Pennsylvania Attorney General Kathleen Kane filed hundreds of charges — including for alleged environmental crimes, insurance fraud, theft, conspiracy and corruption — against a Marcellus Shale waste hauler and its family member-owners on Friday.

The attorney general’s office said a grand jury recommended criminal charges against Minuteman and its owner, Brian Bolus, after hearing evidence and testimony. Multiple conspiracies involving Bolus and his mother, two siblings, his father and his father’s fiancee resulted in additional charges.

According to Kane’s office, the investigation began with allegations that Minuteman — based in Milton, in Northumberland County — and Bolus had violated the state’s environmental laws by burying and dumping solid waste from well drilling operations throughout several counties.

“In addition to violating the Pennsylvania Clean Streams Law and the Pennsylvania Solid Waste Management Act, the grand jury found that Brian Bolus and Minuteman overbilled every business with which they contracted by at least one hour per invoice, amounting to hundreds of thousands of dollars,” the attorney general’s office said.

Investigators looking into the alleged environmental crimes then discovered that several of Bolus’s family members were on the payroll either at Minuteman or at two companies owned by his father, Robert Bolus Sr. The grand jury determined that siblings Robert Bolus Jr. and Debra Bolus, mother Julie Bolus and Sophie Gregory, the elder Bolus’s fiancee, were ghost employees who conspired to be eligible for group health insurance.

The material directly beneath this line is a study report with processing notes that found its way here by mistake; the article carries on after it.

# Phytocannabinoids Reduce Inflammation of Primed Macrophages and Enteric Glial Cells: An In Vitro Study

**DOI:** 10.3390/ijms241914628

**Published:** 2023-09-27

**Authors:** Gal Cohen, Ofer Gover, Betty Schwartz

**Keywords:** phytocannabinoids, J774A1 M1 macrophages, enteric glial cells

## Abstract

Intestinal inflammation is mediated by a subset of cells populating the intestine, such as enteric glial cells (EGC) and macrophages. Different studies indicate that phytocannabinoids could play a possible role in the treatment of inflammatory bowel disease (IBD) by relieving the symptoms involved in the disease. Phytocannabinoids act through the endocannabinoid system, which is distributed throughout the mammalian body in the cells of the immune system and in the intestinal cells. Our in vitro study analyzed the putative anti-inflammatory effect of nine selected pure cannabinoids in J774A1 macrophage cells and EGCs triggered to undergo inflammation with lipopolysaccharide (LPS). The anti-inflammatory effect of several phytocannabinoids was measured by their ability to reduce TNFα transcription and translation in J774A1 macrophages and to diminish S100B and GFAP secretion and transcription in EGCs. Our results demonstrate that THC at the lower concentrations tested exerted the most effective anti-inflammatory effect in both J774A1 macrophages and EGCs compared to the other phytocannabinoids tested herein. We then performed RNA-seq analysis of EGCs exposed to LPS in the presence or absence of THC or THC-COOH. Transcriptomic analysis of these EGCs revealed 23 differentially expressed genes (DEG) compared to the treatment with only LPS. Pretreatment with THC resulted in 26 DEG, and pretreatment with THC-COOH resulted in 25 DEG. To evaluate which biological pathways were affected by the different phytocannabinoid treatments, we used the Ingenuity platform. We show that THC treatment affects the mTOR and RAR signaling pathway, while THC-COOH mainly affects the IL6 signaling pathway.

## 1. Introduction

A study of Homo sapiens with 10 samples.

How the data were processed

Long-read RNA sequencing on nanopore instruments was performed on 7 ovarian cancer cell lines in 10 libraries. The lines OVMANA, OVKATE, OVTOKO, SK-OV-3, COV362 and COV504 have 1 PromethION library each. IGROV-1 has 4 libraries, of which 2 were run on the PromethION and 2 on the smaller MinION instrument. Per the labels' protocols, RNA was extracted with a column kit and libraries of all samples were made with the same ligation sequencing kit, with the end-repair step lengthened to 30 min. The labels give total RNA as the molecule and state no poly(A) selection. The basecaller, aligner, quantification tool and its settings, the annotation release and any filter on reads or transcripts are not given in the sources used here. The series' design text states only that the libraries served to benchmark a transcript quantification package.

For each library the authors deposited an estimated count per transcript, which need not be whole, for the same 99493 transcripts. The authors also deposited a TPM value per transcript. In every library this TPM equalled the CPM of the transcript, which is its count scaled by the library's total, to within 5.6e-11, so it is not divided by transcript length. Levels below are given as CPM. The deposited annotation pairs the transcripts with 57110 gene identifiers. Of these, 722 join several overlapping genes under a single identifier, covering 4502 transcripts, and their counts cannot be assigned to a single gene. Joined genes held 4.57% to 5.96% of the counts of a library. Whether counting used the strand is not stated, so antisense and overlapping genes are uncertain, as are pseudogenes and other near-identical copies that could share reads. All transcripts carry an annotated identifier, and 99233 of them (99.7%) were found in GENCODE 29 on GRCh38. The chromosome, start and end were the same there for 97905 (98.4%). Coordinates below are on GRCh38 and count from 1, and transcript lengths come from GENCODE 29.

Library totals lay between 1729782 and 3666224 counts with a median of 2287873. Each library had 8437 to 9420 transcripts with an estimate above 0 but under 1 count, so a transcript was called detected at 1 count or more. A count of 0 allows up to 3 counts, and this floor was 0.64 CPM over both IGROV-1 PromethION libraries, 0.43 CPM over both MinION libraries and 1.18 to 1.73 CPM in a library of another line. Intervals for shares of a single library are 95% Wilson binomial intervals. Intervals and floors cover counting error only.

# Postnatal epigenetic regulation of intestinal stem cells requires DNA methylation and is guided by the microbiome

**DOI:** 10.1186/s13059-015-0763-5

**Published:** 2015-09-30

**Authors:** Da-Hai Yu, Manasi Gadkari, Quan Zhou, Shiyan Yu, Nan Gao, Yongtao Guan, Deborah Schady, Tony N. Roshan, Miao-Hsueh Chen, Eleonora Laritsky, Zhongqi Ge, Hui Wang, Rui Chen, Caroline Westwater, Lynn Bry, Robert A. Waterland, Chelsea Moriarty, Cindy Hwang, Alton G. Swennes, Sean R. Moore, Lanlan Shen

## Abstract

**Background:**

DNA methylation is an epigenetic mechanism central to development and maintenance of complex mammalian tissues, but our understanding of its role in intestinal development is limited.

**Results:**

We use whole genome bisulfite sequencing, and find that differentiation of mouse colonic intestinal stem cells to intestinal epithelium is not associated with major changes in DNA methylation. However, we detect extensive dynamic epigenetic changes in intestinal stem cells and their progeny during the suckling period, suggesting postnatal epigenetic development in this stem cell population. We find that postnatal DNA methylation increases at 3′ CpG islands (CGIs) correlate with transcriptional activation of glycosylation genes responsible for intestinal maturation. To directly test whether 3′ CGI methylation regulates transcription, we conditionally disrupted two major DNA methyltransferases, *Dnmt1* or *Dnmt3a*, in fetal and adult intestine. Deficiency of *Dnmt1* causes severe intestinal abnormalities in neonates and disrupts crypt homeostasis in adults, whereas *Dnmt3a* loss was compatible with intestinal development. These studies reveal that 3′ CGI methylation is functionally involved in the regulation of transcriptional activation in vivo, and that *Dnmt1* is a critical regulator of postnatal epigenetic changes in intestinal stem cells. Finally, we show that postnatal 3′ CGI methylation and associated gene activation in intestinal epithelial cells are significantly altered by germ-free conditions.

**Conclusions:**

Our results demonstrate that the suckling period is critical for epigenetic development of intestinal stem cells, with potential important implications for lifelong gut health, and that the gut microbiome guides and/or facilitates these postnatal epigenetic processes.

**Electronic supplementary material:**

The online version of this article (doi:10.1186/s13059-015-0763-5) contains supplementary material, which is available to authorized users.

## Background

The family members are accused of collectively submitting $500,000 in insurance claims, which in turn raised health care premiums for other employees at the businesses.

“Many current and former Minuteman employees testified that they believed they would have been fired if they did not follow Brian Bolus’s demands to overbill companies and put his family members on the payroll,” the attorney general’s office said.

“Brian Bolus reaped significant financial benefits from the crimes he is accused of committing. His assets include a $1.4 million-home in Lewisburg, a vacation home in Park City, UT, valued at $2.4 million, and a company spill response truck outfitted for family occupancy.”

Brian Bolus faces a total of 64 charges, including 16 counts of insurance fraud and 12 counts of theft by deception. If convicted of all the charges, he faces a maximum fine of nearly $1.4 million. The other defendants each face 39 charges. Bolus Sr. is currently incarcerated in Lackawanna County Prison on charges from a separate insurance fraud investigation.

“Brian Bolus and Minuteman blatantly exploited hard-working employees, dozens of businesses and the environment,” Kane said. “The laws are in place to ensure that all businesses are on a level playing field. When one company cheats, all good companies and the citizens of Pennsylvania suffer as a result.”

The businesses charged include Minuteman Spill Response Inc. (52 counts total), Minuteman Towing Inc. (52) and Minuteman Environmental Services Inc. (13). Three additional businesses based in Throop, in Lackawanna County — Bolus Truck Parts and Towing Services Inc., Key Brockway Inc., and Key Sales and Center Inc. — each face 39 counts.

In 2012, Minuteman Environmental Services partnered with Chesapeake Energy Corp. to help Polymics Ltd. develop a lightweight, reusable, leak-proof mat system to contain mud and fluids during pad construction. The invention won an award in a competition by the Ben Franklin Shale Gas Innovation & Commercialization Center (see NGI, May 28, 2012).

XTO Energy Corp., a subsidiary of ExxonMobil Corp., hired Minuteman Spill Response to clean a hydraulic fracturing (fracking) fluid spill at one of its gas wells in Penn Township, in Lycoming County, in 2010 (see Shale Daily, Nov. 29, 2010).